Caylor Arnold-USA TODAY Sports

The Cubs and Cardinals were postponed April 7 at Wrigley Field; this was the makeup game.

After losing the previous night to St. Louis, this win -- their first over St. Louis after five straight losses to them -- brought the Cubs back to within 8½ games of the first-place Redbirds, pending the result of Game 2, which you will read about on Saturday -- since this series will take the day off tomorrow for Christmas.


But the Cubs broke through against a couple of miscellaneous Cardinals relievers, including former Cub Miguel Socolovich, in the eighth, scoring four runs. The big blow was Anthony Rizzo's 16th home run of the season, launched into a strong wind, and the Cubs had a 7-4 win over the Cardinals.

Arrieta was outstanding through six innings, allowing just four hits and just one runner past first base in that span, helped out by two double plays, both very nicely turned by Starlin Castro. The Cubs broke through for a pair in the second and another run on a bases-loaded walk to Jorge Soler in the sixth, a welcome sight as Soler seems to have been called out on strikes so many times on questionable pitches. Maybe now he's finally going to reap the benefit of taking those bad calls silently.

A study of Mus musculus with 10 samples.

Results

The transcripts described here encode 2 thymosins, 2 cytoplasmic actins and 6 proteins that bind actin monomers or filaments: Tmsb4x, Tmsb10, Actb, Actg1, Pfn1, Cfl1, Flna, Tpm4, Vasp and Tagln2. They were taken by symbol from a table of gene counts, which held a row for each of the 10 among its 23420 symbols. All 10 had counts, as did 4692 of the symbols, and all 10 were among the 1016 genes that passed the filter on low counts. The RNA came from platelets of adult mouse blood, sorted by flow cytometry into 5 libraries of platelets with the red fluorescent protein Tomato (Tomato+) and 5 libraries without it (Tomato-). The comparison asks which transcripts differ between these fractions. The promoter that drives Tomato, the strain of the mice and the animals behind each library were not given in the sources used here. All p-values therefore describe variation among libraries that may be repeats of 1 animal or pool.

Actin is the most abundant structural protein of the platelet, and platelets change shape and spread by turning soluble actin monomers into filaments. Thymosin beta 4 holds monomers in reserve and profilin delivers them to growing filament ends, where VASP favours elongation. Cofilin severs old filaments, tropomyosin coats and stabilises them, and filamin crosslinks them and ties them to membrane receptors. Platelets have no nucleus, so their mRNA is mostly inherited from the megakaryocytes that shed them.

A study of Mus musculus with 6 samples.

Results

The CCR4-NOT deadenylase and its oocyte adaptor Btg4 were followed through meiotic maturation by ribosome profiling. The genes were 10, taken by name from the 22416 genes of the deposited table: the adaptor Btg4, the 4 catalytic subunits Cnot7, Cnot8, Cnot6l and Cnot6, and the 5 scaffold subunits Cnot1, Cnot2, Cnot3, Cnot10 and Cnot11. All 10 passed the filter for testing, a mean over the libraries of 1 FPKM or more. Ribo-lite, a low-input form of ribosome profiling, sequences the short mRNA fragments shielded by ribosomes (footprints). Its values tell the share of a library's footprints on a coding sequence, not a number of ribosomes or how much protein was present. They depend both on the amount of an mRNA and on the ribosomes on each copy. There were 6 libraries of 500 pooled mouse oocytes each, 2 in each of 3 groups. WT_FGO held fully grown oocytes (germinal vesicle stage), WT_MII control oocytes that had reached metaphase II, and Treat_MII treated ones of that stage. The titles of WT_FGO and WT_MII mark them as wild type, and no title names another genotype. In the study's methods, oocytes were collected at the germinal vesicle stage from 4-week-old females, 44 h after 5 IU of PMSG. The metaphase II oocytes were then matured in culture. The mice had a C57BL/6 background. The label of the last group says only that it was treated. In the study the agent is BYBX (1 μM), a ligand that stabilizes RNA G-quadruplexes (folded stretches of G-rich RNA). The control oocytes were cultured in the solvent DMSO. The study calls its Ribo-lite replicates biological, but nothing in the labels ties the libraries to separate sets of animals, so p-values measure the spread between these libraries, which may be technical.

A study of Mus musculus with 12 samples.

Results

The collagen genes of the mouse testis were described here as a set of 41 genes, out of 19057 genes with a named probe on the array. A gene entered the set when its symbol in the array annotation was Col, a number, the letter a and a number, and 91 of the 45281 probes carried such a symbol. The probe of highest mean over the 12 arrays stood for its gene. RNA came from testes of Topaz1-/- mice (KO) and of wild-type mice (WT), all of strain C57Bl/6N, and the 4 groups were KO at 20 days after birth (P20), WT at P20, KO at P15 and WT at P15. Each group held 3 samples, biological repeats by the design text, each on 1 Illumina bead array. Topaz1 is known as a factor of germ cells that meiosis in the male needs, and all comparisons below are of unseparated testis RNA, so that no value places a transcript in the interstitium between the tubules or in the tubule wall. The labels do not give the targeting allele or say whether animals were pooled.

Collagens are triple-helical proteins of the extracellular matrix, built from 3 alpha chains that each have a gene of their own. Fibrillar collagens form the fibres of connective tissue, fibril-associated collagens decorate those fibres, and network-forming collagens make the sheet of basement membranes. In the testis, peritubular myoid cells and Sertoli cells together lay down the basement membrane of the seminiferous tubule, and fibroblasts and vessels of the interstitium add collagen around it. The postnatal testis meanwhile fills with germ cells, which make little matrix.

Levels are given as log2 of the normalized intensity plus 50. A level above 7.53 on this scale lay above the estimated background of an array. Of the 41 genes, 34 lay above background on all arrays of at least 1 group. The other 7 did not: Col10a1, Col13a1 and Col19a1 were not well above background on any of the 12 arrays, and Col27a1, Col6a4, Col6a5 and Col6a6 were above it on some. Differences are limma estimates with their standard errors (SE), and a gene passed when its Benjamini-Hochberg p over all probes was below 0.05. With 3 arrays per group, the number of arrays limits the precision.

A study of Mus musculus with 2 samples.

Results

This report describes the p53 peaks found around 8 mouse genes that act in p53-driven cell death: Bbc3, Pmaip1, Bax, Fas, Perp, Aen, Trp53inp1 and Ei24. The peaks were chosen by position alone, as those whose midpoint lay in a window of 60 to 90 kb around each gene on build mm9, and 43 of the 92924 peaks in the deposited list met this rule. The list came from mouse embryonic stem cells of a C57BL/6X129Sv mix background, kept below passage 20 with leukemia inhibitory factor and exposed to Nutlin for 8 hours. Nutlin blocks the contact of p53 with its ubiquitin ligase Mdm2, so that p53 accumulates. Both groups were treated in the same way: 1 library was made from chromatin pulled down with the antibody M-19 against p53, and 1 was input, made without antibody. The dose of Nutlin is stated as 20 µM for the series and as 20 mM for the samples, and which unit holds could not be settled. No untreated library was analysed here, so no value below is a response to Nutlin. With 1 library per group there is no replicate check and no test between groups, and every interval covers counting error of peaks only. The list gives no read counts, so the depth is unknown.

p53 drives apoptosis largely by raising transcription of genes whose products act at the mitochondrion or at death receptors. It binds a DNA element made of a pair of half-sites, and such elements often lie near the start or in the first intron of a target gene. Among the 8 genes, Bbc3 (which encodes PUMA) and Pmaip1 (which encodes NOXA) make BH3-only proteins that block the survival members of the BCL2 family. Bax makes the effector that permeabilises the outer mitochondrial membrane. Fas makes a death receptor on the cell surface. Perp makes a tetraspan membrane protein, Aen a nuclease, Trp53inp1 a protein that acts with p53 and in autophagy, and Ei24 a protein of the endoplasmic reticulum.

Dexter Fowler and Chris Denorfia also drove in runs in the Cubs' eighth inning that appeared to put the game away -- that is, until Neil Ramirez took the mound for the ninth. Jason Motte had been up, throwing in anticipation of a save situation, but sat down once the lead had been extended to four.

Ramirez wasn't good. Jason Heyward singled and Mark Reynolds launched a long home run that made the last row in left field in the section right next to me. After a strikeout, Joe Maddon called on Motte anyway, and he got the final two outs without incident.

Many kudos to Arrieta, who likely would have made the All-Star team if he wasn't scheduled to pitch this Sunday against the White Sox -- it appears there's been a general agreement by All-Star managers that Sunday starters simply won't be selected to the team. Arrieta certainly deserves it. He also had two hits in the game and scored a run. Now Jon Lester has some catching up to do with Arrieta -- they both had one hit coming into this game. Now Arrieta has three.

Only one cautionary tale from this game -- even scoring seven runs, the Cubs left 14 men on base, including leaving the bases loaded three times. They were just 3-for-15 with RISP. Since they won the game, I won't complain too much, but this kind of thing just has to get better as the season goes along.

This recap is a bit shorter than usual because I am sitting writing it in a friend's place across Waveland from the left-field bleachers. He's kindly allowed me to use his laptop, but has to leave for the airport shortly so I'm a bit pressed for time. Thanks, Ken -- appreciate the help, and I'll close simply by saying that it was a beautiful sunny afternoon at the ballpark, though probably 25 degrees cooler than it should be this time of year. It felt more like a May afternoon than July.